Tropical Cyclone Seroja Hits Indonesia

Cyclone Seroja. Image:

by Ashira Morris, ODP Staff Writer

Rescue efforts are underway across several islands in eastern Indonesia and East Timor after Tropical Cyclone Seroja struck the region last week. The storm’s heavy rains and powerful winds led to flash flooding and landslides, damaging homes and roads. At least 8,424 people have been displaced by the storm, and at least 128 have died. On Lembata island, the downpour from the cyclone dislodged pieces of hardened lava on the side of a volcano, wrecking homes below. Seroja is the 15th storm in the Australian region cyclone season. 

Why This Matters: Devastating storms like Seroja can completely upend peoples’ lives, and warming oceans are making storms more dangerous, with stronger winds and more rain. In Indonesia, tropical cyclones used to be rare, according to weather agency head Dwikorita Karnawati.  

Seroja is the first time we’re seeing tremendous impact because it hit the land. It’s not common,” she told a news conference, noting that climate change could be the reason.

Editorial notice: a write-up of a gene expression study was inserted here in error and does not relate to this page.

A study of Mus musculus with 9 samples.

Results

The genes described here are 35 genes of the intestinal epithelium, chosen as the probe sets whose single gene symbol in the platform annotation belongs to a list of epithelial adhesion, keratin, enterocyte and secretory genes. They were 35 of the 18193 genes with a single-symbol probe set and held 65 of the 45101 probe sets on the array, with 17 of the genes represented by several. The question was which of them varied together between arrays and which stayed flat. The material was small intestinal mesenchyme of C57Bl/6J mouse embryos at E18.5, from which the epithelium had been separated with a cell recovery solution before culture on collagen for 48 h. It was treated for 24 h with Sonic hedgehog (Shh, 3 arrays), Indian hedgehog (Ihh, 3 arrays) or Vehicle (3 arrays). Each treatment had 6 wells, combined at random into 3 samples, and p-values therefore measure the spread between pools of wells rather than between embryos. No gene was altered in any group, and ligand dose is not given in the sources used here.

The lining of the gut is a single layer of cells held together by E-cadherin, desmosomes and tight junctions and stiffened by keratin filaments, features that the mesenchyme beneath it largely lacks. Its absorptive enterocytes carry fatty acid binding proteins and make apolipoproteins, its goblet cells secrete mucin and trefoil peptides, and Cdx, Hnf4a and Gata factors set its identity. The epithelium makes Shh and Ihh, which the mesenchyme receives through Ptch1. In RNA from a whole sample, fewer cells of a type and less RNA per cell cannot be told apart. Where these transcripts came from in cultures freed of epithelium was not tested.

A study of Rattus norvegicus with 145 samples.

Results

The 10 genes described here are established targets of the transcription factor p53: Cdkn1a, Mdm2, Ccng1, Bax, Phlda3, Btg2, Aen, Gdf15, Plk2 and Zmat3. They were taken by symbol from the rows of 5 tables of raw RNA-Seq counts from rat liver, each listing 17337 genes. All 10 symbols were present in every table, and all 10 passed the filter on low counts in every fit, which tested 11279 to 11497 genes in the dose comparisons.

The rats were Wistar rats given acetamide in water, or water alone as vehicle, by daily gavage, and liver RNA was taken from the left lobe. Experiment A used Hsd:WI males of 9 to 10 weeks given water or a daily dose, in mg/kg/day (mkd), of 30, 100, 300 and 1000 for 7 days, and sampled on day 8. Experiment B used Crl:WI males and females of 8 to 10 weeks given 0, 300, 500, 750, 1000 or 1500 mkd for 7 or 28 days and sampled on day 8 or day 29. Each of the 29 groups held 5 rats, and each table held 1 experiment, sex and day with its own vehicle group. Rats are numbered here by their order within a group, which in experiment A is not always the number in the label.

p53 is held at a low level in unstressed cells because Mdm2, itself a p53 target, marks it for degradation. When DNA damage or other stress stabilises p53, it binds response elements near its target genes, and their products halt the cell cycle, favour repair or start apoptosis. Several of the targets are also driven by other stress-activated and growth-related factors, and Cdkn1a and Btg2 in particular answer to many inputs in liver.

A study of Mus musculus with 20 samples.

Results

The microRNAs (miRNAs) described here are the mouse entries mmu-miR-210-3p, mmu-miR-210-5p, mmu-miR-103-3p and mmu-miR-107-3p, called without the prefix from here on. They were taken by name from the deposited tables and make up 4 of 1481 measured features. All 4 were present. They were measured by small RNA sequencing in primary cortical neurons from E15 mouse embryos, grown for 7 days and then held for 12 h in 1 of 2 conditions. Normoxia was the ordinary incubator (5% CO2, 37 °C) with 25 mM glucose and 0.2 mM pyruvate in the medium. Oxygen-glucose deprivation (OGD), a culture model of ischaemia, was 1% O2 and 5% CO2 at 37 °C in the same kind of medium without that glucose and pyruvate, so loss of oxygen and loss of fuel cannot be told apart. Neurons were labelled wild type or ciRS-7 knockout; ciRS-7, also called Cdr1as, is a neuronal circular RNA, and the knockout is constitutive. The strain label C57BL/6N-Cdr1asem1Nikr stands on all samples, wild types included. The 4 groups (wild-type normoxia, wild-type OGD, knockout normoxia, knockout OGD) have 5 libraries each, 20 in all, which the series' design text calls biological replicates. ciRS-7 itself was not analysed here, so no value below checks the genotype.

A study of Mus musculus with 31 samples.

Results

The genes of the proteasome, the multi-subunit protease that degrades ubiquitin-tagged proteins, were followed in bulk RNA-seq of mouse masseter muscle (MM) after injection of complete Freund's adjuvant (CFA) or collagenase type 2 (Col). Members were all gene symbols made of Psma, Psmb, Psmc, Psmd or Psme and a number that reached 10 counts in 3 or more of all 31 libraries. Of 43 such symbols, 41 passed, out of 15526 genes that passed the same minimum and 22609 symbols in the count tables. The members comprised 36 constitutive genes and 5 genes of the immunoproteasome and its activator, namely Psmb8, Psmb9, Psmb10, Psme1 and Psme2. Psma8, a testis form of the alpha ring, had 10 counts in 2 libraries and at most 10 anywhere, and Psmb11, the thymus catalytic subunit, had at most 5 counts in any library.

Since climate change leads to tropical storms with heavier rains — as the U.S. saw during last year’s hurricane season — the devastating floods and landslides that have already caused much damage are also making rescue efforts more difficult. 


Warmer waters, wetter storms

The connection between warming temperatures and increased precipitation is one of the best-understood weather impacts of the climate crisis. As Yale Climate Connections explains, “Simply put, the warmer the air is, the more moisture it can hold and the more rain it produces.” Every 1 degree Celsius increase in temperature means the atmosphere can hold about 7% more moisture. (So keeping within the Paris Agreement target of 1.5 degrees C also means stopping the atmosphere from taking in 10% more moisture.) 

In a hurricane or cyclone, the effect is even stronger, creating a massive increase in rainfall. Research by MIT’s Kerry Emanuel, a meteorologist and climate scientist who studies cyclones, finds a sixfold increase in the chances of a rain-drenched storm like Hurricane Harvey since the late 20th century. 

 Go Deeper: How can scientists detect the footprint of climate change in extreme weather events? Through the quickly developing field of attribution science!